New Year’s resolution: Addressing your fertility
Building a family can be one of the most exciting and fulfilling life endeavors. Whether you’re in a committed relationship and ready to start the next chapter of your life, or you’re single but envision a family in your future, it’s important to understand your body and conception journey. The path to pregnancy isn’t always seamless or picturesque as you might think, but the best thing you can do is be prepared. The new year is a great time to learn more about your overall health and align your personal goals for the future.
There are a lot of variables that go into ensuring a healthy pregnancy. That’s why Northwell Health Fertility reproductive endocrinologists recommend staying proactive about family planning to secure the very best outcome for you and your partner. For women under age 35 who have not yet decided on their future path, we recommend a preliminary consultation to assess your fertility. This evaluation will open the door to discussions about your ovarian reserve, underlying conditions that could influence your chances of getting pregnant and procedures that could secure your ideal plans for the future.
Considering your age
The family planning process is different for everyone. It can feel a bit overwhelming, especially if you haven’t met that special someone and you’re not quite ready to settle down. Age is the No. 1 factor that affects fertility. Your ovarian reserve—the capacity of your ovaries to produce fertile eggs—starts to shift and change as you get older. As time goes on, your reserve contains fewer eggs, which are more likely to develop genetic abnormalities. Taking these factors into consideration, it’s particularly important for women in their early- to mid-30s to discuss options with their doctors to ensure a healthy birth in the future.
Understanding conditions or imbalances that influence fertility
An integral first step in the process is recognizing and understanding conditions that can influence the likelihood of conceiving. For instance, hormonal imbalance plays a significant role in your fertility journey. Irregularities and variances in your hormones can hinder your chances of conceiving in the short term and later in life, if left unaddressed.
Polycystic ovary syndrome (PCOS) is one of the most common hormonal imbalances that affects fertility. It’s tricky to diagnose, as not all women with PCOS experience the same textbook symptoms of unwanted hair growth, acne and irregular periods. Other conditions that can cause infertility include endometriosis, which occurs when tissue that typically grows within the uterus forms outside of the uterus, or issues with the follicle-stimulating hormone (FSH) and luteinizing hormone (LH)—the hormones responsible for stimulating ovulation. Discussing any potential abnormalities with your doctor will not only help to alleviate symptoms, but will also protect your health and fertility in the long run.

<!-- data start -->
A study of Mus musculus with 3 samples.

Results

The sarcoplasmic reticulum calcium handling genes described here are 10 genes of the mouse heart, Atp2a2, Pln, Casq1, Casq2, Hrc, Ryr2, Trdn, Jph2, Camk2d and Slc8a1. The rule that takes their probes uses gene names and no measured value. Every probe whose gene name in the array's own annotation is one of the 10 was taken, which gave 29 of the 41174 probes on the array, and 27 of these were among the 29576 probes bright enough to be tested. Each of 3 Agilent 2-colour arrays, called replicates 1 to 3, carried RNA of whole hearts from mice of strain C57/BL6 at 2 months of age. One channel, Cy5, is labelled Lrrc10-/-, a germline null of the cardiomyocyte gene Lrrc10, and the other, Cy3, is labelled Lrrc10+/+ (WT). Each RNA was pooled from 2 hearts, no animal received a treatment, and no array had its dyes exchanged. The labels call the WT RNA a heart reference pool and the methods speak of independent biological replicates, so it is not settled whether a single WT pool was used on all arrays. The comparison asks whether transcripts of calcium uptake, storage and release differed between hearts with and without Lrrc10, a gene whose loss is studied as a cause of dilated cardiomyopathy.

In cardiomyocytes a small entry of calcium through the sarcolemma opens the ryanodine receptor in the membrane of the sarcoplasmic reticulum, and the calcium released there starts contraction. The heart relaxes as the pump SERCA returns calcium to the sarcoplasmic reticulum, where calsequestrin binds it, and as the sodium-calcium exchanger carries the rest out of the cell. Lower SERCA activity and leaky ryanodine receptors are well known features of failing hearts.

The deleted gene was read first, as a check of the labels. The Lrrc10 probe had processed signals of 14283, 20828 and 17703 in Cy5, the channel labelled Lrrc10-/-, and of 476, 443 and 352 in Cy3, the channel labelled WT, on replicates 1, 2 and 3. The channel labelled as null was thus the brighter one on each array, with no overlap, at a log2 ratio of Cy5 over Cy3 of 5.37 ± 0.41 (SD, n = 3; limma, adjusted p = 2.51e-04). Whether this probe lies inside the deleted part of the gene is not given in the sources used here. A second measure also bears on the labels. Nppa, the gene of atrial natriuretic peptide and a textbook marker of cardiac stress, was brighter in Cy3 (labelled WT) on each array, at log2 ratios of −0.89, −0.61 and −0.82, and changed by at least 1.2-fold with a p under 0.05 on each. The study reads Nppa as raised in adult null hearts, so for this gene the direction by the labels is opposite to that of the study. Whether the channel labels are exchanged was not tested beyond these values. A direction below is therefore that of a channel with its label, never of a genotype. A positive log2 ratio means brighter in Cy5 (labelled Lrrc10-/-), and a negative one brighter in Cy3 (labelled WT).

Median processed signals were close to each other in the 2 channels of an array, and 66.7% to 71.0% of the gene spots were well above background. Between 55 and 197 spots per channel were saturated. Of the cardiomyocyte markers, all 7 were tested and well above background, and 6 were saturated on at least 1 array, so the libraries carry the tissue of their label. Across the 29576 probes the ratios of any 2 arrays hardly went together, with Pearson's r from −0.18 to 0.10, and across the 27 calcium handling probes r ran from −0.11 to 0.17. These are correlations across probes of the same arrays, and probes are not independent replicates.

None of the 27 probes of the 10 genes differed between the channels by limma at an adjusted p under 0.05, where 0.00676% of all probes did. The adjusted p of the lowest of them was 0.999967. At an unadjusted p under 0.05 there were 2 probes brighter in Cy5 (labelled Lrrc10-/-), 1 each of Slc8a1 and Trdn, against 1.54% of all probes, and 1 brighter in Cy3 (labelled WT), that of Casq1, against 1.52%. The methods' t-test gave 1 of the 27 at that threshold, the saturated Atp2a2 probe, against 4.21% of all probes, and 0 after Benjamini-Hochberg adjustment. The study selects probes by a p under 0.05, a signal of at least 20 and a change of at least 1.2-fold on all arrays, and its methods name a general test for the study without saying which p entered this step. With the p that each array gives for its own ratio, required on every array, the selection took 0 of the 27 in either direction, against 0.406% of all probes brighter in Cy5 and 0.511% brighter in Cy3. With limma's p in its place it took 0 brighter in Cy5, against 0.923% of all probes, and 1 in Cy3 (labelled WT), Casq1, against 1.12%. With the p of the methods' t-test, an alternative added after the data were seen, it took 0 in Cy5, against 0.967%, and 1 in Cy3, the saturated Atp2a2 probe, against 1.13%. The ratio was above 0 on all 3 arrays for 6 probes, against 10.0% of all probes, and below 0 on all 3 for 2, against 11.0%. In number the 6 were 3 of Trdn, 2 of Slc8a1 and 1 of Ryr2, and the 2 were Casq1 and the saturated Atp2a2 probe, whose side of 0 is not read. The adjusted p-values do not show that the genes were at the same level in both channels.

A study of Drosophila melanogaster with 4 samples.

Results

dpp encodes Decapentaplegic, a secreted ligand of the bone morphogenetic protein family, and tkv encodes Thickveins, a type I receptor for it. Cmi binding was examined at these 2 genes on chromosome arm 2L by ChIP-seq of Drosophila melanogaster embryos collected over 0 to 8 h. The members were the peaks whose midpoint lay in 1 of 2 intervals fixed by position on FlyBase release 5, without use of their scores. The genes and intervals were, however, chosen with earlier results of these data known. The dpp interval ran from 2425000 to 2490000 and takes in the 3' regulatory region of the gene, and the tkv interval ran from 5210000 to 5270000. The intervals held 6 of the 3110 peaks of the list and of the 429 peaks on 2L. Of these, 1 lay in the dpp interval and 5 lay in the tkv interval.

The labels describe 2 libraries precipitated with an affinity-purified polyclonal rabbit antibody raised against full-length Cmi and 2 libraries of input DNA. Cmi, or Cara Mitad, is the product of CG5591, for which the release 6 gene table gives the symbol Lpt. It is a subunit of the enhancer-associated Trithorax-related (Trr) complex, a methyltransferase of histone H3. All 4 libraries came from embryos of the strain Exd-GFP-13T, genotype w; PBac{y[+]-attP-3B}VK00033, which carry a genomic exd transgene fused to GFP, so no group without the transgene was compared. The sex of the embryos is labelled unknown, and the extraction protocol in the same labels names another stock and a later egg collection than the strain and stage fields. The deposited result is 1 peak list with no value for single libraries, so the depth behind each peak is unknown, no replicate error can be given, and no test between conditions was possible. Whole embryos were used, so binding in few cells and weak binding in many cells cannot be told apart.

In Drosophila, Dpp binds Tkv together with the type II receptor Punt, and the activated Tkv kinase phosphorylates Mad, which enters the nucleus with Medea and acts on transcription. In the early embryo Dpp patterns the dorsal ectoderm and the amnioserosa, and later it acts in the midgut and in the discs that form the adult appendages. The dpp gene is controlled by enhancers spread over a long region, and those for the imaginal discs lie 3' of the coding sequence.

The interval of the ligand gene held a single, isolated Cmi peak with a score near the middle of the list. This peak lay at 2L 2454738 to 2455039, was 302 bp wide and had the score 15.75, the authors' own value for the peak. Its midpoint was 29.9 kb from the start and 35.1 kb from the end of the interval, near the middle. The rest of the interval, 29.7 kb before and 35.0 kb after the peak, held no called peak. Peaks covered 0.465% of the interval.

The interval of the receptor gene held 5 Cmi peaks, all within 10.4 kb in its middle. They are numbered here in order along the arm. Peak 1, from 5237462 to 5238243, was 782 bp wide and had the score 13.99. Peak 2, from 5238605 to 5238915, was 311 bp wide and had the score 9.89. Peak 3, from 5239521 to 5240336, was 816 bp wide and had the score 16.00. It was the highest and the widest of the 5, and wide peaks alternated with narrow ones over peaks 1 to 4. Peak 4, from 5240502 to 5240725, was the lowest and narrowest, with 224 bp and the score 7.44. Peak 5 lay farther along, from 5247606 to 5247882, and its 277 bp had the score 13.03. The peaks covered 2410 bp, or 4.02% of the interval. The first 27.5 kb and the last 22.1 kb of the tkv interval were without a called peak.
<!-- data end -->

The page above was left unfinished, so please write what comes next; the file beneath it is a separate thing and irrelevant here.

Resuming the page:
Being proactive about protecting your fertility
Whether addressing existing conditions or simply taking proactive steps to eliminate uncertainty, there are several paths to ensuring a future pregnancy. Start by scheduling a consultation with a fertility specialist who will evaluate your overall reproductive health. Your reproductive endocrinologist will test your hormone levels and your ovarian reserve through a simple blood test, or a FSH test, which gives them an idea of how many fertile eggs you currently have.
Based on this analysis, you can work with your doctor to understand your options, including but not limited to, egg freezing. Our experts at Northwell recommend freezing your eggs earlier in life to ensure you don’t run into obstacles when you’re trying to conceive later down the line. Empowering women who are in their late 20s, and especially those in their mid-30s, to consider this quick procedure will allow them to feel in control of an important life passage. If you are in your mid-to-late 30s and have a diminished ovarian reserve, embryo banking is another effective tool for fertility preservation. This involves several in vitro fertilization (IVF) treatments and freezing all viable embryos for future use.
No matter where you are in life, it’s never too early to understand and address your chances of a healthy, successful pregnancy. As you move into the new year and begin assessing goals, keep in mind that being proactive about your reproductive health will help you learn more about the way your body works, any abnormalities in its function and the procedures that can solidify your hopes for the future.